Posted by Ryan Morgan on August 15, 2012 at 12:00 PM

This morning, as my husband was putting the finishing touches on his Windsor knot and preparing to head to his office, he mused aloud as he looked into the mirror. “What’s with this dog thing?” he asked himself. “Why won’t it go away?”

I knew instantly what he was referring to. We had listened to the political wonks for a couple hours last night, and on every channel --- whether MSNBC, CNN, FOX or CNBC --- the talking heads were debating not only about who’s right (or Right) on personhood and ultrasounds, Medicare and grandmothers, or Biden’s latest gaffe, but also were spinning about Mitt Romney’s former running mate, Seamus the Irish Setter.

Seamus became a household name in 2007 when Neil Swidey of the Boston Globe broke the story about Mr. Romney driving 650 miles over twelve hours with Seamus in a crate on the top of a Chevy station wagon. The story won’t go away. Here’s why, according to my banker-husband, who is about as non-politically-wonky as anybody can get and therefore is a reliable barometer of mainstream voters’ thinking:

“The dog incident is a metaphor for Romney’s inability to relate to others,” Michael says, “He can’t feel anything for animals, for the poor, for anybody.”

Agreed. Others have written as much. But maybe the story continues to have traction because on some subliminal, instinctive level people sense that something deeper is going on, something is just “off”.

Okay, maybe this is a petty question, but if you’re one among the Top One Percent in personal wealth, Governor Romney, Why were you so cheap that you wouldn’t have taken a second car? Seamus was stuck on the roof because Father Romney had stuffed one car with Ann, all the little Romneys, and all their suitcases and gear for a summer vacation in Canada. Picture what a cramped, miserable ride that must have been for twelve hours playing Olympic-level Punch Buggy and Twenty Questions. Sure, lots of us have had to endure family road trips in overloaded vehicles as drivers and passengers, so this is not to imply that anything’s wrong with the notion --- But then the rest of us don’t have hundreds of millions of dollars and lots of options at our disposal.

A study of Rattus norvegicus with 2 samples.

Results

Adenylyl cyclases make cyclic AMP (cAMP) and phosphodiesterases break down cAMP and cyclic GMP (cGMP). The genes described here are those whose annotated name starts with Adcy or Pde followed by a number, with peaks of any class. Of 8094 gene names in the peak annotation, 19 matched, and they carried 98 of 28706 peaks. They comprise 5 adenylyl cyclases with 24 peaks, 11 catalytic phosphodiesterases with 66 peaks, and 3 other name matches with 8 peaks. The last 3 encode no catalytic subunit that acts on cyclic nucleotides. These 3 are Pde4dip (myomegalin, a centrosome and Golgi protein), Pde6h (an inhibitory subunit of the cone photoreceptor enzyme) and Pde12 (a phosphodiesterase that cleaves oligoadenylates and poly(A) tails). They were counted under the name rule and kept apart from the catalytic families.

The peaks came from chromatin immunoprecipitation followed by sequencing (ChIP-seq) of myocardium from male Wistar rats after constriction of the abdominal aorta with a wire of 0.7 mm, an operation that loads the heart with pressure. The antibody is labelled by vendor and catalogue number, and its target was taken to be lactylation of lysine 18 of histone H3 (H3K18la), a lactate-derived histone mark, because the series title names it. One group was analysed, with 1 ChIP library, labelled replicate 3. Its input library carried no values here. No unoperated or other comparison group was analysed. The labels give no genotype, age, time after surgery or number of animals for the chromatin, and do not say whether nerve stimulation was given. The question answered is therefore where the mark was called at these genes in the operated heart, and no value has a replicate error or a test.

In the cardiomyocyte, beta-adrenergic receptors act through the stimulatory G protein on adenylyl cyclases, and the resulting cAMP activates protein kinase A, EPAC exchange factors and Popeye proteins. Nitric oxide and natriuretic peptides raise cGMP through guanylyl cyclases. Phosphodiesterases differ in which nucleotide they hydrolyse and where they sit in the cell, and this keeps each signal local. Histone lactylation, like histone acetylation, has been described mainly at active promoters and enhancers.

The story also suggests a domineering, overbearing personality on the part of the candidate. It suggests that nobody else in the family had a vote. Mitt says get in the car, you get in the car. You’re miserable, but you do what he tells you to do, and you keep your mouth shut. (Neil Swidey wrote that Father Romney only allowed one stop for a potty-break during the twelve-hour ride. This all changed when Seamus defied the master’s schedule and defiled his windshield, after which Seamus received a cold shower.) When we look at and listen to Mitt Romney, we can imagine how he could force-feed whatever he wanted onto his family and onto us if he were to become President. Voters sense his potential for bullying. Women are realizing that he really does have the sort of determination that could end up doing away with birth control.

There’s another thing about the Seamus story. Four years ago when Chris Wallace of Fox News gave Mitt Romney the opportunity to offer Americans, many of whom were outraged over the alleged abuse of a family pet, a sincere mea culpa instead Romney didn’t give an inch: He dug his heels in deeper on the grounds that he had not violated any Massachusetts law. (Advocates against animal cruelty later challenged this position.) It’s too bad that he didn’t take advantage of this opportunity to show us a softer, more humble, more malleable side. It makes voters wonder whether he is capable of admitting a mistake or saying, “I’m sorry.”

So, nearly thirty years after the Seamus incident, the dog is long gone and Ann Romney now has a horse for a pet, which would be difficult to strap to the family car. Dogs Against Romney has more than 73,000 Facebook fans, according to the Washington Post. A recent poll found that 35% of voters surveyed indicated they would be less likely to vote for Mitt Romney because of the Seamus story.

Columnist Gail Collins of the New York Times summed it up this way in a column last March: “Elect Mitt Romney and he will take the nation on the road to the future,” she wrote. “Some of us will be stuck on the roof. The rest of us will be inside singing camp songs and waiting for the day when the master plan lets us stop to visit the bathroom. Plus, anybody who screws up on the way to the future gets the hose.”